We'll all have another, but the sad truth is that will be it. One more win and for the first time since 1978, horse racing will have a Triple Crown winner and then most of us can go back to forgetting about the sport.
This does not diminish the accomplishment of I'll Have Another. Not by any stretch. There are few phrases that grab the attention of even the most accidental sports fan in the manner of Triple Crown, but horse racing has fallen so far out of the sports mainstream it takes the spectacular to grab the attention of anybody outside of its most ardent fans. Seriously: If you are less than 40 years of age, chances are pretty good that the name Seabiscuit resonates more than Secretariat, let alone Affirmed.
What happened Saturday at Pimlico when the Canadian-owned, American-bred, Mexican-driven horse caught and passed Bodemeister in the final strides to win the Preakness was the rest of us stood up and took notice. In three weeks time, I'll Have Another gets a shot at the Belmont Stakes, with the opportunity to become the first Triple Crown winner since Affirmed in 1978. Since then, 12 horses have gone on to win the first two legs before failing in the Belmont Stakes, and I'll Have Another is the first since Big Brown in 2008.
Already, it has been suggested in some quarters that the success of I'll Have Another could be some kind of tonic for Canada's horse-racing industry, as if the horse's success will suddenly make people want to go Woodbine or some other track. That's doubtful.
No sports have fallen more out of the mainstream sports consciousness than horse racing and boxing, but while boxing's demise can be traced to lousy governance – multiple organizations and titles started boxing's downfall long before society started wondering about the moral health costs of the sport – horse racing fell out of the public consciousness not just because it has become anachronistic, but because legalized gambling gave punters more daily options. And that was before the popularity of "props" betting.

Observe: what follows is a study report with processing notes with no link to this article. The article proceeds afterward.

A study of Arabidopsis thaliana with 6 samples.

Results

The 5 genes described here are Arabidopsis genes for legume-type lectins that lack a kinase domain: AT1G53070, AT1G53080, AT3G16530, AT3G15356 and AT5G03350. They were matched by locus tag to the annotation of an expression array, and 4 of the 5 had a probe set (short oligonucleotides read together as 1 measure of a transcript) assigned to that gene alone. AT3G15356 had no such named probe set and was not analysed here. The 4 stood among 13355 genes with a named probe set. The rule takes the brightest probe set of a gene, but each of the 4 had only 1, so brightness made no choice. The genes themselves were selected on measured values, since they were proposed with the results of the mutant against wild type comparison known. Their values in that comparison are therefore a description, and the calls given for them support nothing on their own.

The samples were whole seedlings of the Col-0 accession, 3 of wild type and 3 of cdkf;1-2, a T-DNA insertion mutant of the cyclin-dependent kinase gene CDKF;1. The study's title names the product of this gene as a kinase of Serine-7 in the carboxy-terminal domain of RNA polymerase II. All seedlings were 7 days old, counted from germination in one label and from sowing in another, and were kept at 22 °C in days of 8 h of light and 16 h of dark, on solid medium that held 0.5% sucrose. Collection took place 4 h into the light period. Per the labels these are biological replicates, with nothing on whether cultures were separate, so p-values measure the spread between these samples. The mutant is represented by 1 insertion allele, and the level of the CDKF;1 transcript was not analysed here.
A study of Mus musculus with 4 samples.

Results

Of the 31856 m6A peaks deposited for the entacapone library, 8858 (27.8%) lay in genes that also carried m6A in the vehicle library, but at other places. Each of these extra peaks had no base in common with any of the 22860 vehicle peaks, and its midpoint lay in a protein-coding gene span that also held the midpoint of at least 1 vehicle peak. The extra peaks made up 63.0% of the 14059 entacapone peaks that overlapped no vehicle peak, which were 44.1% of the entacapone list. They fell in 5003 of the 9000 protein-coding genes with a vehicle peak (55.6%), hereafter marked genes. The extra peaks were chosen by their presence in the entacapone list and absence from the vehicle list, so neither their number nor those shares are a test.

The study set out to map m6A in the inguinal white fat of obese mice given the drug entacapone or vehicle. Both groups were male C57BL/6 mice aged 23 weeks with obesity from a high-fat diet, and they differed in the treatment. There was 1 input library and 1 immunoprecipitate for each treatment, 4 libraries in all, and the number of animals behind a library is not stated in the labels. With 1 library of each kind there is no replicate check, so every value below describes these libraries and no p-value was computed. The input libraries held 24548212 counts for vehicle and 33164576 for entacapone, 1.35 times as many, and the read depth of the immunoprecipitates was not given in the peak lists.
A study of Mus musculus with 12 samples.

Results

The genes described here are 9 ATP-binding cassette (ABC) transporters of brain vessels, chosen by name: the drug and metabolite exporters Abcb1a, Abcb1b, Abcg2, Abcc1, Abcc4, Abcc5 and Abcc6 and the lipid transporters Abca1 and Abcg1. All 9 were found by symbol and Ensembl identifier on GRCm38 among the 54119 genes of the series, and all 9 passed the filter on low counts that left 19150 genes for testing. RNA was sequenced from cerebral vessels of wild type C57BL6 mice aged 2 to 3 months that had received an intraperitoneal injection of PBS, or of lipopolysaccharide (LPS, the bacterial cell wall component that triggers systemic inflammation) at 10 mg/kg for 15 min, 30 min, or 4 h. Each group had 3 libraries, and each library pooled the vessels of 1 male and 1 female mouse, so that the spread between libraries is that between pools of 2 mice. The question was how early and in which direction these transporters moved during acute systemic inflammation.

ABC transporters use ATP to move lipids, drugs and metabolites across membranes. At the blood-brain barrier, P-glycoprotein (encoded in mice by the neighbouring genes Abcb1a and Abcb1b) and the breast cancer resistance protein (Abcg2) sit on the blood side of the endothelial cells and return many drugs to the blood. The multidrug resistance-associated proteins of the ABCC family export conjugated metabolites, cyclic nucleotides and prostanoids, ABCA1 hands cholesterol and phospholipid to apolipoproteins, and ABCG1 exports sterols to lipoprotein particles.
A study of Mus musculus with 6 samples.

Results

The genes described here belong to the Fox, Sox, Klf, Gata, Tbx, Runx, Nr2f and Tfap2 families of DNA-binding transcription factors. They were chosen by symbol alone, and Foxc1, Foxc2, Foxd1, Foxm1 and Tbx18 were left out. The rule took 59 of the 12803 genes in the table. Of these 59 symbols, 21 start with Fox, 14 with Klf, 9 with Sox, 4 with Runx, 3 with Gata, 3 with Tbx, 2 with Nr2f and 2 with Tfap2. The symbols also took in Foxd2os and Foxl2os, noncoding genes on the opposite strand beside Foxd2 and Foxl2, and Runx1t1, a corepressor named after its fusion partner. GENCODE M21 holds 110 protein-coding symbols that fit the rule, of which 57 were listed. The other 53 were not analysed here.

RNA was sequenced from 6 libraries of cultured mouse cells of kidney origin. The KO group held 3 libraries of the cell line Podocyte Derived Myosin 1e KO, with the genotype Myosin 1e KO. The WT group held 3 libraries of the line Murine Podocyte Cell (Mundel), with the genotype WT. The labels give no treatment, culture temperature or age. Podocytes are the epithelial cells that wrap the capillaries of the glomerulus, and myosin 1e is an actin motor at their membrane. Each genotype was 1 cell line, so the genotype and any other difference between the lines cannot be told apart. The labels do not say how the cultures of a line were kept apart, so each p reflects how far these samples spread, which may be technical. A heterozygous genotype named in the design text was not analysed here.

Horse racing is the Sport of Kings, yet how many kings do we have these days? It used to be the sport of sportswriters, too – but how many newspapers even have a horse-racing beat any more?
And so race tracks have had to market the hell out of themselves, and, in some cases, resort to B-list gimmickry to get people to come out. The peculiar attraction of slots, a bizarrely cynical form of gaming, has provided a sop, but the fact remains that few sports fans make race tracks a point of destination. You can gamble legally or illegally almost 24/7 without leaving your living room, and the daily narrative provided by professional sports – the crisscross of statistics and personalities – make it a preferred option.
None of that will change because of I'll Have Another. The back story will be told and celebrated – a horse purchased for $35,000 by J.P. Reddam of Windsor, Ont., ridden by a Mexican-born jockey, Mario Gutierrez, who honed his craft at Vancouver's Hastings Racecourse, trained by a man widely suspected of and under investigation for drugging horses (who knew "milk shaking" could be a bad thing?) in the person of Doug O'Neill.
It's a classic underdog tale being spun in a sport of millionaires, and so for that reason it will take some doing to not watch the Belmont Stakes. You don't need to understand the strategy or lingo or get the intricate relationship of horse to track to experience the thrill of muscle and flesh and speed any more than you need to be an expert to marvel at Usain Bolt, and in these cynical days of performance-enhancing substances there is the added "sausage factor": the sport tastes good and looks good but we're not certain we want to know all the ingredients that make it thus.
The truth is that when you cheer for the story, any sense of loss is quickly mitigated. It's a shame, but that's about it. I'll Have Another is a horse we can all get behind, but will he be a transformational figure? Doubtful. For this sport, that horse left the barn a long time ago.